Understanding Wills And Codicils In Texas: Frequently Asked Questions
Wills and codicils are routinely at the foundation of an effective estate plan. However, there is a lot of confusion surrounding these legal tools.
At The Goodson Firm, P.C.. in Tyler, Texas, I strive to bring clarity by informing clients about the capabilities and limitations of each estate planning document. I am attorney Leigh Hunt Goodson, and I can help you draft a will, codicil or other estate planning tools to meet your needs. Read on for answers to common questions about these core tools.
What is a will?
A will is a legally binding document that establishes your wishes in the event of your death. Some of its key functions include:
- Identifying your family members, assets and debts
- Appointing an executor to manage your estate
- Directing how you want your property divided and to whom
- Disinheriting any family members you do not want to benefit from your estate
- Nominating a guardian for your minor children
If you pass away without a will, the court will have to make those determinations for you through a lengthy and often-burdensome process called probate.
What is a codicil?
A codicil is a way to amend or update an existing will. It’s an important tool for making minor changes and clarifications without needing to redraft your entire will.
What is a living will?
In Texas, a living will is a tool for expressing your wishes regarding medical treatment and end-of-life care in the event that you become incapacitated due to an injury or illness. You can also use a medical power of attorney to appoint a trusted loved one to make medical decisions on your behalf.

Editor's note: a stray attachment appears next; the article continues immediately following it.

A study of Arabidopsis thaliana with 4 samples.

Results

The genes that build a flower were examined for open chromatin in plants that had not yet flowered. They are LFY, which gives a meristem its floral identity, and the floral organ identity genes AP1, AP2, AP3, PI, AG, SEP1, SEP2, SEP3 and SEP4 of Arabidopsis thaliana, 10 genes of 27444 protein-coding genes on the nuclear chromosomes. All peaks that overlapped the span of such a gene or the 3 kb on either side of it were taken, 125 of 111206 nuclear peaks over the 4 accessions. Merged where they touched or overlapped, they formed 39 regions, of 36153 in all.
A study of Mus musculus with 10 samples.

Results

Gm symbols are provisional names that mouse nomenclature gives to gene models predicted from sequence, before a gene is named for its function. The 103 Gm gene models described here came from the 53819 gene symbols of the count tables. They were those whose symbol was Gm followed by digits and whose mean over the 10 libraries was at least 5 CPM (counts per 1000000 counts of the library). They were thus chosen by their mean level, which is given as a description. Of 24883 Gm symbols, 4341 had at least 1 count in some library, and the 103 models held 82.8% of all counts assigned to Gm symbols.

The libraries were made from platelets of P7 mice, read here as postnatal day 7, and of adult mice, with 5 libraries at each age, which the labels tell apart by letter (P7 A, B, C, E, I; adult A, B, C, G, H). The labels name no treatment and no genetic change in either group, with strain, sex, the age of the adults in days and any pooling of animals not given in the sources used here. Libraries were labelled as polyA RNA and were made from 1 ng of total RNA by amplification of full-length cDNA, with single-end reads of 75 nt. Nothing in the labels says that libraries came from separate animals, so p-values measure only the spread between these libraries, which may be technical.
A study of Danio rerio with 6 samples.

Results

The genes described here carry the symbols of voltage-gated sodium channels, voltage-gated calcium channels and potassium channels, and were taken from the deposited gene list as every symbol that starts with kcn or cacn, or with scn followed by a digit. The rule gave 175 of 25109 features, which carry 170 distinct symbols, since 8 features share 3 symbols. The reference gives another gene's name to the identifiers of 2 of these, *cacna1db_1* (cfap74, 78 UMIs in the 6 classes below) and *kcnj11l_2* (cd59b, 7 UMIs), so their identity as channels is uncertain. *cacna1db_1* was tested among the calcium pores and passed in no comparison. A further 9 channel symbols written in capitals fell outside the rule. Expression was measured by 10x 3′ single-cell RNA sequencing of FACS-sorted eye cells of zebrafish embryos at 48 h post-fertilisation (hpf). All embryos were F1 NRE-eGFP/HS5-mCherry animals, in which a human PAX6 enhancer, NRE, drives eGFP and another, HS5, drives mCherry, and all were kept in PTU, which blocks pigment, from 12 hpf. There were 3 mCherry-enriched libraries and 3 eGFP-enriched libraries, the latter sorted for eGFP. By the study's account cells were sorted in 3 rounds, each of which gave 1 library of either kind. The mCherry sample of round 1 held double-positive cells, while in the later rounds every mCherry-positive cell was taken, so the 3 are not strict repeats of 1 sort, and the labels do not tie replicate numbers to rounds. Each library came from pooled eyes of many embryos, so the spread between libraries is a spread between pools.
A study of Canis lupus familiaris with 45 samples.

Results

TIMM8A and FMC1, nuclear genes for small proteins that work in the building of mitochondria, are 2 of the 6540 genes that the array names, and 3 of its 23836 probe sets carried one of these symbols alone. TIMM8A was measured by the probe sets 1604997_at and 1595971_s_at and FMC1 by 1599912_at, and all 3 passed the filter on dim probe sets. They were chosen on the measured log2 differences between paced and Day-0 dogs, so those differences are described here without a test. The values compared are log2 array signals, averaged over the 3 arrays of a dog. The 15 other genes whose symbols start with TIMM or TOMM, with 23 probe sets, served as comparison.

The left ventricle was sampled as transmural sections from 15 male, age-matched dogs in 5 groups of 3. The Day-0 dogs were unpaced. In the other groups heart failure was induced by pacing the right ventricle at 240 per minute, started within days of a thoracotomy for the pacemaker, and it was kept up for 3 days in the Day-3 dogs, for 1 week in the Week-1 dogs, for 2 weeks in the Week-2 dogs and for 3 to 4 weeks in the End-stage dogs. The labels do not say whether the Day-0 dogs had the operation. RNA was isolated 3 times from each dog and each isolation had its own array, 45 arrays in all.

What makes a will or codicil valid?
Texas law establishes several requirements that must be met in order for a will or codicil to be valid. Chief among them is the requirement that the person making the will (or testator) has the mental capacity to do so. Both documents must also comply with certain formalities regarding signatures and witnesses. By working with a lawyer, you can ensure that your will or codicil is fully compliant with the law and have confidence that your wishes will be honored.
When should I revise my will?
With any big life change comes the opportunity to revisit your will. This is particularly true of transitions such as:
- The birth of a child
- The death of a family member
- Divorce or remarriage
- A child reaching adulthood
- A child who is born with or develops special needs
- Changes in your property
While there is no set timeframe for redrafting your will, if it’s been many years or decades since you touched it, you might want to consider reviewing it with an attorney to determine if updates need to be made.
When should I pursue a codicil versus a new will?
In general, codicils are preferable for minor changes to an existing will – for example, changing the disposition of a single piece of property. If the changes are more extensive, it might make sense to revisit the entire will. A lawyer can advise you on the pros and cons of each approach, and the best approach for your situation.
Get Answers To More Of Your Questions
If you have estate planning questions, I am happy to work with you to provide answers specific to your circumstances. Reach out today by calling 903-630-9174 or sending me an email. Based in Tyler, I have several offices to conveniently serve clients throughout the Dallas metroplex.